The answer posted by Dr. Harris lead me to find many ketomyths in the "paleosphere" and "blogosphere". Although most don't think ketosis is dangerous, the common perception is that "more is not better", that is, being in ketosis 24/7 is not better than being only for short periods of time. According to Harris, there is no need to if you aren't sick. The main argument is that ketosis is not the natural state of the body and represents a metabolic stress. Keep in mind I never said that we should be in ketosis 24/7, I just said that ketosis should be the baseline physiological state (so most of the time you are in, but not necessarily 24/7*).
Initially, I was going to address the points made by Dr. Harris in his post but I found one ketomyth that has spread all over the internet which people use as an argument against glucose deprivation. Before I go on I must say that zero carb diets are only theoretically possible, unless you eat only yolks and oil.
It all started with the incidence of gastrointestinal cancers in long time OD's that were reported on Peter's blog. People started speculating on the origin of this issue trying to understand why the "Optimal" diet was not that optimal. The Jaminet's, authors of the Perfect Health Diet, posted an article attributing mucin deficiency as the cause. I think this can be a likely cause but only in OD dieters. The OD is characterized by restricting both protein and glucose. But somehow people misinterpreted this and started using it as an argument against all ketogenic diets.
But what exactly determines GI mucin production? Mucin biosynthesis is highly sensitive to protein malnutrition, specially threonine deficiency (1,2,3). Other aminoacids like serine, proline and cysteine can also promote mucin synthesis (4). When intestinal epithelial goblet cells are deprived of glucose, butyrate modulates MUC gene expression and becomes the main regulator of mucin synthesis (5). There is no evidence that the abscence of dietary glucose affects mucin synthesis. So any deficiency of mucin in ODs would occur because of a low protein intake, not because of a glucose deficiency (call it a secondary-glucose deficiency if you wish).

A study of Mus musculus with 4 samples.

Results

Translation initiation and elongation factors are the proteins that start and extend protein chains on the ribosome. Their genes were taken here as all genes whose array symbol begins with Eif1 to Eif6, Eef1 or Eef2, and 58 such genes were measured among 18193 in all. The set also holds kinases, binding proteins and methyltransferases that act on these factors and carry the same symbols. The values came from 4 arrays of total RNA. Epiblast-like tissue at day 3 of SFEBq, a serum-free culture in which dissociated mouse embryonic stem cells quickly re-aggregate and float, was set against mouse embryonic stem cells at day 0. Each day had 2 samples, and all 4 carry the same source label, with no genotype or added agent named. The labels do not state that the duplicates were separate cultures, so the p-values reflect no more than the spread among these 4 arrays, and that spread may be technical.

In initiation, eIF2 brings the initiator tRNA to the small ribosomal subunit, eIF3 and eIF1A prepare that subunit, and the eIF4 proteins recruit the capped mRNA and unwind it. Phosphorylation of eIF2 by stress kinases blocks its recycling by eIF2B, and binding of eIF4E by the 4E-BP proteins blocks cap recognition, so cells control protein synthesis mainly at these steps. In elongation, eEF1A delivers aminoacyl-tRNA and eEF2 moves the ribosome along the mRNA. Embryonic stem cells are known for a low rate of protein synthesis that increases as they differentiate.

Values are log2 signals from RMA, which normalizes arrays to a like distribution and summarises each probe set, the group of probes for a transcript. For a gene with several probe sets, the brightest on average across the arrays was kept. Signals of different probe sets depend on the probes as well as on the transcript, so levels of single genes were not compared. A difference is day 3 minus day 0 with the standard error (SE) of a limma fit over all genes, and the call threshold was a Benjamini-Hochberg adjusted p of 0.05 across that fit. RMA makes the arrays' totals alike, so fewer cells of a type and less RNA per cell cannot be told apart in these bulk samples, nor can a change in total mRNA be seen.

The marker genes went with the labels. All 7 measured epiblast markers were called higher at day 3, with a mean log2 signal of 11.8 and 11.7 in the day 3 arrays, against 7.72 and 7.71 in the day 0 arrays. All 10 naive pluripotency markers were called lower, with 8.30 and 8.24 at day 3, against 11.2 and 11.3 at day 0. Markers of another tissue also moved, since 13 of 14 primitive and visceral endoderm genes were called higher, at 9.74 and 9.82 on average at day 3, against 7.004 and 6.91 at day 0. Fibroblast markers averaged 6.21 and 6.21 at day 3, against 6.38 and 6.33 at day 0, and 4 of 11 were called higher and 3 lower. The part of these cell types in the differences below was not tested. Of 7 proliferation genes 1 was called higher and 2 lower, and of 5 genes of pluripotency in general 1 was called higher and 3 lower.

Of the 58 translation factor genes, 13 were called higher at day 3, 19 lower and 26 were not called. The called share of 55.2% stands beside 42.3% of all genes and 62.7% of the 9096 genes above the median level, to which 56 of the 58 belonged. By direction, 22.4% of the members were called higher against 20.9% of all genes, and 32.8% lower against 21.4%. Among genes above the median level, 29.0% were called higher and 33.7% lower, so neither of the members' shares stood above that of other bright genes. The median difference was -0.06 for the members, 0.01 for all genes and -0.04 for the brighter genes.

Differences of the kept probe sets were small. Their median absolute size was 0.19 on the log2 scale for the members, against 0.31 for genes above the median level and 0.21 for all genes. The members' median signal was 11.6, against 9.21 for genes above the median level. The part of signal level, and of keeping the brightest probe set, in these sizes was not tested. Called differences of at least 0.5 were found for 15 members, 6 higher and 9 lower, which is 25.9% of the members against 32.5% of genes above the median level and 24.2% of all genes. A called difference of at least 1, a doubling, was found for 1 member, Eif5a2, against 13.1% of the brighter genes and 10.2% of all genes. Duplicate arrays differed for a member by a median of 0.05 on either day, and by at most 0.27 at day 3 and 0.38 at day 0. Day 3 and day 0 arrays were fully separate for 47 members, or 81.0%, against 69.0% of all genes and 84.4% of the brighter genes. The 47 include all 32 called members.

Thr, Ser, Pro and Cys are all glucogenic aminoacids. The demand for these amino acids increases when eating a very low carbohydrate diet because gluconeogenesis is increased to maintain a normal blood glucose level. Eating a diet low in these amino acids could compromise mucin production because they are redirected to glucose production instead of other biosynthetic pathways.
Dr. Jaminet goes on and explain:
Throughout my 2 years on this zero-carb diet, I had dry eyes and dry mouth. My eyes were bloodshot and irritated, and I had to give up wearing contact lenses. Through repeated experiments, I established that two factors contributed to the dry eyes – vitamin C deficiency and glucose deficiency. After I solved the vitamin C issue, I did perhaps 50 experiments over the following few years, increasing carbs which made the dry eyes go away and reducing them which made them immediately come back. This established unequivocally that it was a glucose deficiency alone that caused the dry eyes.I find this last line specially interesting, considering that bOHB has shown to be protective in different types of dry eye models (6, 7), although used as eye drop.
What about Vitamin C? Thats the topic for the next post.
I am not trying to put down Dr. Jaminet's work. On the contrary, I find it highly valuable, specially the emphasis he has on micronutrition. I also like n=1 experiments. But I think glucose deficiency is a misnomer. Think about protein deficiency and dehydration instead. These problems should not arise if you eat a proper amount of protein, drink enough water during the day and eat a fairly good amount of sodium (is salt paleo?) and potassium.